Federal and county officials on Thursday urged parents and students to think about safe driving and walking to school before the MCPS school year starts on Aug. 26.
Deborah Hersman, acting chairman of the National Transportation Safety Board, Rep. Chris Van Hollen (D), Montgomery County Police Capt. Tom Didone and MCPS Director of Transportation Todd Watkins spoke at the Fitzgerald Auto Mall in North Bethesda about the dangers kids face on the roads once the school year starts.
The dealership and service center was hosting one of its regular car seat check events, in which Fitzgerald founder Jack Fitzgerald said volunteers and police have checked more than 44,000 car seats for proper fit and safety.
Safe Kids Montgomery County demonstrated how to safely cross a street with basic tips Van Hollen said often go unmentioned before the first day of school.
“That is the responsibility of the communities and families and students to work together,” Van Hollen said. “As our kids head off to school and they’re back looking for all sorts of supplies for school, [make sure] that we also supply them with the information that they need and their families with the information they need to make sure that they’re safe.”
In Bethesda, pedestrian safety around Bethesda Elementary School has been an issue since February, when a child in a stroller crossing an Arlington Road crosswalk was struck and dragged by a car making a turn. The child was uninjured.
A group of parents at the school started a petition for better markings, “No Turn on Red” signs and speed cameras in and around the intersection of Arlington Road and Edgemoor Lane.
A group of transit and pedestrian advocates followed with 10 recommendations to the Montgomery County Department of Transportation for new traffic engineering measures.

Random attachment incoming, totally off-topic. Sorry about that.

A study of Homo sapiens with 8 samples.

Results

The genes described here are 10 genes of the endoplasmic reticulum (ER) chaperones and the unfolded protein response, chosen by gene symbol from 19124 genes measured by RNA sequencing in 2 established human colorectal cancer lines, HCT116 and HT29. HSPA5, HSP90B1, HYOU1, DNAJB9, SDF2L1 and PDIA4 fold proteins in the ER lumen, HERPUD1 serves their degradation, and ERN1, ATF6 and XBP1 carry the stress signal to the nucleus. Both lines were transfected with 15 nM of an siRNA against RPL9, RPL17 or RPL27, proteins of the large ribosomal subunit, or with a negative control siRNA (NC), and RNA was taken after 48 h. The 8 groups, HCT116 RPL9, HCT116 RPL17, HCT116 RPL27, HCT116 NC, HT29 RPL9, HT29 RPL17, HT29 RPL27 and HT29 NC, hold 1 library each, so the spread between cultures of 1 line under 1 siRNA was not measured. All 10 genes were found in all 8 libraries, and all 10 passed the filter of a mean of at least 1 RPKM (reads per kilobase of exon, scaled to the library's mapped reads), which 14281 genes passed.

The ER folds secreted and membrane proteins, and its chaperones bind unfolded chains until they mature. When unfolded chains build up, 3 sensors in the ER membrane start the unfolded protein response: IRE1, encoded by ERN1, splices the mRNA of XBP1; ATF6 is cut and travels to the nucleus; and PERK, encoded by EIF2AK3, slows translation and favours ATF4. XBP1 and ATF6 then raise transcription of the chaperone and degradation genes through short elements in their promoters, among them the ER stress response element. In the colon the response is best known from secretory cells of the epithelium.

Didone, who heads the police department’s Traffic Division, said police this year have shifted their focus from changing pedestrians’ behavior to changing drivers’ behavior. The department has recently done a number of undercover stings in popular crosswalks to ticket drivers who don’t yield. Officers ran the operation on Wednesday at the Cordell Avenue crosswalk on Old Georgetown Road.
“The one unique thing about this is every time a car and a pedestrian try to occupy the same space, the pedestrian loses every time,” Didone said. “It’s the largest winning streak that’s ever occurred. As such, every one of those crashes is potentially life-threatening so every one of those crashes have to be addressed.
The Action Committee for Transit, which issued the recommendations to the county, on Thursday complimented Didone’s department for its work in a press release. But it argued the Department of Transportation was still behind when it comes to engineering safe roads and intersections for pedestrians.
“Traffic engineers need remedial education even more than schoolchildren,” ACT President Tina Slater said in the release. ”In our county, speed limits are too high, lanes are too wide, crosswalks aren’t marked, and unsafe turns are allowed. Cars should move no faster than 20 mph in school zones.”
Besides lowering speed limits in school zones, ACT is asking the county to consider leading pedestrian intervals at intersections — which would give pedestrians an exclusive window to cross in all directions — and more “No Turn on Red” signs.
Didone said the county is adequately dealing with the situation with a combination of engineering, education and enforcement.
“We are fortunate in Montgomery County, our Department of Transportation is on top of this,” Didone said. “Whenever we go into a problem area, we always start with looking to see those engineering changes — signs, signals, markings, changing the design of the roadway to enhance pedestrian safety.”
Watkins, who oversees the school system’s bus network, reminded drivers to stop when school buses are flashing lights and have stop sign extensions out.
The county recently installed cameras on some buses to catch drivers who maneuver around the buses stopped at bus stops.
“When you see a stopped school bus on the road, no matter how late you are, no matter how much of a hurry you’re in, stop,” Watkins said. “Because every time somebody makes a decision to pass a stopped school bus, it’s a potentially life-changing tragedy for some student and their family.”